AgBioForum, 12(1), 2009 | 18
other invasive and radical alterations of plant genetics, nor do demands for labeling extend to these other forms of genetic modification. “GMO” is a political framing of transgenic plants, but one now so ensconced in common parlance that few stop to ask precisely what it is about transgenesis that warrants a special category of risk and surveillance (Herring, 2008a).
The confusion of cultivar and trait is responsible for much of the spread of Bt disaster stories. The problem is that the means of insertion of a trait into the genome becomes a criterion for creating a whole category of phenotypic characteristics. For example, addition of an insect-resistant trait to cotton is charged with increasing susceptibility to drought, whatever the specific cultivar. Sadeque (2008) warns Pakistanis to learn from Indians:
Bt cotton requires 20% more water than other hybrid cotton, which needs more water than tra- ditional varieties to begin with. No one said any- thing about Bt cotton being drought resistant. The truth was that Bt cotton was unable to adapt to stress conditions. It was criminal to encourage Bt cotton in drought-prone areas—and not telling farmers about this drawback in Bt cotton. (para- graph 12)
Cotton is a risky crop; government agencies in India strongly advise against its cultivation in many drought- prone and marginal areas without irrigation. This agro- nomic caution applies whether the cultivar is Bt or non- Bt. Without water, cotton fails. In thin red soils without irrigation, the risks are very high. Farmers know this; the alternatives are often worse. Cotton is often the only cash crop that has real potential to change a family’s financial circumstances, but at considerable risk. The lure of “white gold” is strong. But there is no reason that addition of the transgene for insect resistance would affect drought tolerance one way or the other; drought tolerance as a trait would be among the very first priori- ties of Indian cotton farmers if transgenesis could pro- duce it, but to date they have only promises, not products.
The Handmaiden State
Sadeque’s (2008) article, like many in global advocacy networks, assumes the worst about the state. Govern- ment approval of Bt cotton in Pakistan is explicitly called an “imposition” of the technology on the nation. To the question of why any government would approve a technology already proved “disastrous” in 40 coun-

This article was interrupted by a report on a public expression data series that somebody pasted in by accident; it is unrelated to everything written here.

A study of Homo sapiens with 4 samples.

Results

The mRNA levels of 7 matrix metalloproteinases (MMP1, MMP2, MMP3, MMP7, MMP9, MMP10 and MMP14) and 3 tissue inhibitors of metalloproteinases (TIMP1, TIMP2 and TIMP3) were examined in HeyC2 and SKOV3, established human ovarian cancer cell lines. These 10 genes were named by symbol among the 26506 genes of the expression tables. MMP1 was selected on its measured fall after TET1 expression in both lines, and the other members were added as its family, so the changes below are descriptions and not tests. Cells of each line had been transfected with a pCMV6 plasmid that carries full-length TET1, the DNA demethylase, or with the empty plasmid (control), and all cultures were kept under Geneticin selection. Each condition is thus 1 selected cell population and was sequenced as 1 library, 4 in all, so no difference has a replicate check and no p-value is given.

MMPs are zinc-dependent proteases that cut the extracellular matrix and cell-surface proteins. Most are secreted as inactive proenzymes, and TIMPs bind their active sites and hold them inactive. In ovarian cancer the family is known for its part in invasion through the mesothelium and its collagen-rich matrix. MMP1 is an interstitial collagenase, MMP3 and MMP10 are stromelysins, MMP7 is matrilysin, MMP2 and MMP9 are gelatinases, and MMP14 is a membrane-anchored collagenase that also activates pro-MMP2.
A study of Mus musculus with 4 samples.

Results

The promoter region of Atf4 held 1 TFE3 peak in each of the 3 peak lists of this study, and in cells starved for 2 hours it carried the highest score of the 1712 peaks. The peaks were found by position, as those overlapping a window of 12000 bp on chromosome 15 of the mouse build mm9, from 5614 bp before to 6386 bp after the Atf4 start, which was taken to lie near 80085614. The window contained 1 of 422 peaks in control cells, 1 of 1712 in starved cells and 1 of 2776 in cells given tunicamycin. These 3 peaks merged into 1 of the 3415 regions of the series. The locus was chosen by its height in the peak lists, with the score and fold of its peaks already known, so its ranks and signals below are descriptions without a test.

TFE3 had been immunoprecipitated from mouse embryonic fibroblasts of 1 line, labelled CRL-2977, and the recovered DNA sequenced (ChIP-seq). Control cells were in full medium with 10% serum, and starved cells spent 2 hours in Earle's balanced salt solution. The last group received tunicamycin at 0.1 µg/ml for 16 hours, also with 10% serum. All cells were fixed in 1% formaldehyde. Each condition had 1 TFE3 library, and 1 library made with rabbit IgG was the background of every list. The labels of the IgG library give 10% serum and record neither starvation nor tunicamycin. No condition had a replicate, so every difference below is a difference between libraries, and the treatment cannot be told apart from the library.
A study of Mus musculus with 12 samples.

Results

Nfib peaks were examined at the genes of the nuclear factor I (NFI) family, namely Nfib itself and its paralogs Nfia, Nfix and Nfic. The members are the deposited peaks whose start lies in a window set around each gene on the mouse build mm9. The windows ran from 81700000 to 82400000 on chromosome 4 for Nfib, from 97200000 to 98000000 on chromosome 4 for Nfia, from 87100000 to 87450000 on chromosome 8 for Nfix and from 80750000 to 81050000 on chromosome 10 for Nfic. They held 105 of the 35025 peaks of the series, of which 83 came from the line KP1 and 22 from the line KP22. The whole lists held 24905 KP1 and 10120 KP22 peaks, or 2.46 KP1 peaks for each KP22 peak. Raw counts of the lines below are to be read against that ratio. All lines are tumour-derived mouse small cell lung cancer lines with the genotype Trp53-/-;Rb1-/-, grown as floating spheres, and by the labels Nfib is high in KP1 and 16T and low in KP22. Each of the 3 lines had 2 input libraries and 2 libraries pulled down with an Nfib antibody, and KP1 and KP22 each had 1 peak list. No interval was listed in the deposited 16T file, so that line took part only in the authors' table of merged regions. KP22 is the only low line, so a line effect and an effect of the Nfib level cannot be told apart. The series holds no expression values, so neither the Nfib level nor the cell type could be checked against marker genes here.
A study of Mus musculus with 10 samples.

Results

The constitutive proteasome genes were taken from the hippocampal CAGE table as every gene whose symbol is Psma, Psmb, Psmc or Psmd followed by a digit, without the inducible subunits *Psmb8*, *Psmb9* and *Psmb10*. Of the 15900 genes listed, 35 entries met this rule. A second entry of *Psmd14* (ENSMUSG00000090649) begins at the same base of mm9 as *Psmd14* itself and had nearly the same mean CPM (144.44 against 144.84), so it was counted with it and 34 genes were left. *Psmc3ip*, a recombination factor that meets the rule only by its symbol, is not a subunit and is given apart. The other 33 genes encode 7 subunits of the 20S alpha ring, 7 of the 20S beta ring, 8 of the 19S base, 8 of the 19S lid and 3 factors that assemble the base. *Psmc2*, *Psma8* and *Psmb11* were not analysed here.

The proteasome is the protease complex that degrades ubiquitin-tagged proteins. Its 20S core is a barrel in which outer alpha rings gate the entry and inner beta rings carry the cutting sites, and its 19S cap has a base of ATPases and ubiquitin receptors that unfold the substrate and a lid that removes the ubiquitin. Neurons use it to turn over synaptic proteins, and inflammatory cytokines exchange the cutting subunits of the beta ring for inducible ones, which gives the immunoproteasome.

tries, the answer is corruption. The immediate case cited for this argument is usually Indonesia:
Later, Monsanto's own records revealed that between 1997 and 2001, it paid some $700,000 in bribes to at least 140 current and former gov- ernment officials and their family members. In 2002, it was caught red-handed paying $50,000 to a high-level official in the Indonesian environ- ment ministry. It was disguised as a consulting. (paragraph 19)
The assumption that the Pakistani government oper- ates on the basis of bribes will resonate widely. The notion that the major question about adoption of trans- genic crops is in the hands of multinational firms and states seems curiously at odds with the real experience of Bt cotton in India, which involved “Robin-Hood” tac- tics, “cottage industry” production, and significant ille- gal spread of cultivars and technology among farmers (Gupta & Chandak, 2005; Herring, 2005; Roy, 2006). Embedded in the government’s announcement of offi- cial approval was tacit recognition that Bt cotton had already arrived in farmers’ fields, via the common stealth routes. No one doubts that corruption is perva- sive, but in the case of Pakistan, approval was more a recognition of a fait accompli than a decision requiring mobilization of power. As in much of the oppositional literature, all power seems to rest with corporations and states; the agency of cultivators to operate beneath the radar of both state and firm is somehow missing, despite clear evidence of its pervasive character (Herring, 2007b).
The Meaning of Numbers
The first diagnostic in this narrative is the loose use of numbers, itself indicative of a casual approach to the empirical world. I’ve come to believe that in opposi- tional literature the numbers do not matter; they are semiotic devices, not outcomes of counting exercises. Their function is rather to provide motivation via shock value, as in the dead sheep story discussed above. More- over, numbers carry credibility; they lend an air of preci- sion to generalizations that have no basis in empirical studies. It is not “several” countries with disasters, but “40;” not some increase in drought susceptibility but 20%; not some dead sheep but “1,800.” The use of pseudo-precision indicated by hard numbers is a conces- sion to the power of arguments that are being coun- tered—the many empirical studies by scientists and
Herring — Persistent Narratives: Why is the "Failure of Bt Cotton in India" Story Still with Us?